Wild Phenotype for robust health

    Wild phenotype activation with Paleo Diet.

    http://youtu.be/lJT4gRUlpkc


    Phenotype for fighting MS


    http://youtu.be/lJT4gRUlpkc
  • mindblank

    Nice. Wonder where she stands on eating meat.
    mindblank saidNice. Wonder where she stands on eating meat.



    She was a vegetarian for 20 years until the MS diagnosis. Now she won't take on a patient that is a vegetarian. Meat is essential for recovery in neurological diseases the involve B vitamin deficiency and myelin sheath degeneration. She believes B-12 deficiency was a root cause for her MS. And if you didn't read between the lines she is a lesbian.
    Alpha13 saidMeat is essential for recovery in neurological diseases the involve B vitamin deficiency and myelin sheath degeneration.

    This is the same kind of dim bulb logic that was used by that woman who wrote a book about how coconut oil "cured" her husband's Alzheimer. Yes, coconut oil contains nutrients that our brains need, but eating a lot of it doesn't cure anything. Similar dim bulb logic that was used when I was a young sprat back in the 1970s when the health food crowd was claiming that mega-doses of vitamins could cure anything and everything. There were some really wacko articles in Prevention magazine back then.
    [quote][cite]Lumpyoatmeal said[/cite]
    Alpha13 saidMeat is essential for recovery in neurological diseases the involve B vitamin deficiency and myelin sheath degeneration.

    This is the same kind of dim bulb logic that was used by that woman who wrote a book about how coconut oil "cured" her husband's Alzheimer. Yes, coconut oil contains nutrients that our brains need, but eating a lot of it doesn't cure anything. Similar dim bulb logic that was used when I was a young sprat back in the 1970s when the health food crowd was claiming that mega-doses of vitamins could cure anything and everything. There were some really wacko articles in Prevention magazine back then.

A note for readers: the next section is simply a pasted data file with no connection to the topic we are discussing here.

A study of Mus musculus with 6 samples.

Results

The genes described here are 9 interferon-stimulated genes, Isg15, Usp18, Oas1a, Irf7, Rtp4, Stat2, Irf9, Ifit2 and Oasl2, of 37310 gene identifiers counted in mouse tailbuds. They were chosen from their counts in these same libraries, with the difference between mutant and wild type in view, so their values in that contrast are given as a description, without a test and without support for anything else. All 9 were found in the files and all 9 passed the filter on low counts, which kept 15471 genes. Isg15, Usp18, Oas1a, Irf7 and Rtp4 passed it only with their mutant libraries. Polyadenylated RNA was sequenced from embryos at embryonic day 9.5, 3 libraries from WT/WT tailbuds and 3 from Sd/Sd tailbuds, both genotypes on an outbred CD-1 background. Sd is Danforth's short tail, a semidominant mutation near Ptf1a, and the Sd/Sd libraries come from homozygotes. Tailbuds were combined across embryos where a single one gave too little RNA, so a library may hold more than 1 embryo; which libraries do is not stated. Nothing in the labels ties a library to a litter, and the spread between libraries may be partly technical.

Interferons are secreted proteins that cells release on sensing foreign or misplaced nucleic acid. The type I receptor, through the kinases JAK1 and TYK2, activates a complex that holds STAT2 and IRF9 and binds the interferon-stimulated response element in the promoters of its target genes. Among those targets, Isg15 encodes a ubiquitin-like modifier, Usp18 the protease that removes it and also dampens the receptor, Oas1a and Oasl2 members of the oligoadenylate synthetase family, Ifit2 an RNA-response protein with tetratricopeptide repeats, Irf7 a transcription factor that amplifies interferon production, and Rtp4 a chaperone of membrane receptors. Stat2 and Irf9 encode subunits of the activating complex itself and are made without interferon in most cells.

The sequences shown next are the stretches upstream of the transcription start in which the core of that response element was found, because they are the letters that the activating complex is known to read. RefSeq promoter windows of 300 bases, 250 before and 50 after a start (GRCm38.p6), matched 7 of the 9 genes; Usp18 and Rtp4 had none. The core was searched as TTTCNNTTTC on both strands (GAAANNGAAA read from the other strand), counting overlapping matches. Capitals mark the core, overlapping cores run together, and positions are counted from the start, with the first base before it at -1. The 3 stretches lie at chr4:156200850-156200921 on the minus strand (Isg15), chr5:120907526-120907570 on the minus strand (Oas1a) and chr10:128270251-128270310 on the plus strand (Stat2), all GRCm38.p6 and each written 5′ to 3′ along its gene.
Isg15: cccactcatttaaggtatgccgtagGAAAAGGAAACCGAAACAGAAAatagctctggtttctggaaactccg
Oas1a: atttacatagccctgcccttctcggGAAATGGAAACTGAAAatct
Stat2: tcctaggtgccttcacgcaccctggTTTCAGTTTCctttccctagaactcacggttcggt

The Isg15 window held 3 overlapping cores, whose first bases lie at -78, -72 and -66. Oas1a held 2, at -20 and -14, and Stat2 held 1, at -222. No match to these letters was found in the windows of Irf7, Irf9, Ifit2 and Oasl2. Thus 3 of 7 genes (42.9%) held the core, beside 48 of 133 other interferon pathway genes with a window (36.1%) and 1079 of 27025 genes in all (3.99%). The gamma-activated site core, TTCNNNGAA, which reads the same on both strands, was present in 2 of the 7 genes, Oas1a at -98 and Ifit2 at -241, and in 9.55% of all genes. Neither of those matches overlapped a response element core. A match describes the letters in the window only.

[/quote


    Your "facts" are what you have read somewhere. My facts come from personal experimentation. As Robb Wolf says , "Don't believe anything, try it ( Paleo diet) for 30 days". It turned my life around. If I would have listened to "Doctors" I would be in a wheelchair by now or dead like all my friends.
    The benefits of a "Paleo" diet may be at least partially dependent upon what kind of paleo ancestors you had. And how you define a paleo diet.

    I remember reading some years ago (and I wish I could remember the source and learn whether those findings have been duplicated) that over thousands of years the diet of the human race was optimized to match the available food sources of different regions and lifestyles.

    And that there were 3 different basic types the researcher identified. If your genes were derived from primarily one of these groups, your digestion would do best with those kinds of foods.

    The 2 oldest were fish-seafood, and meat-animal products. The 3rd more recent was agricultural, mainly grains. So that if your genes descended primarily from one of those groups, that's the kind of food that is "paleo" for you, on which your body will do best.

    It may be meat & animal products, but it may be one of the other food groups. Or possibly a mix, reflecting shared gene pools, more common in this modern era of few natural borders of distance and other travel limitations.

    I dunno what my paleo diet would be. I seem all my life, since a kid, to naturally gravitate to foods that today I'm told are my most healthy. Based on studies of the US population, which is still heavily influenced by European ancestry, including my own northern European "stock".

    I've never been a big eater of red meats, preferring fish or poultry instead. If my neolithic ancestors were killing & eating the late Ice Age big game shown on cave paintings it wasn't passed on to me.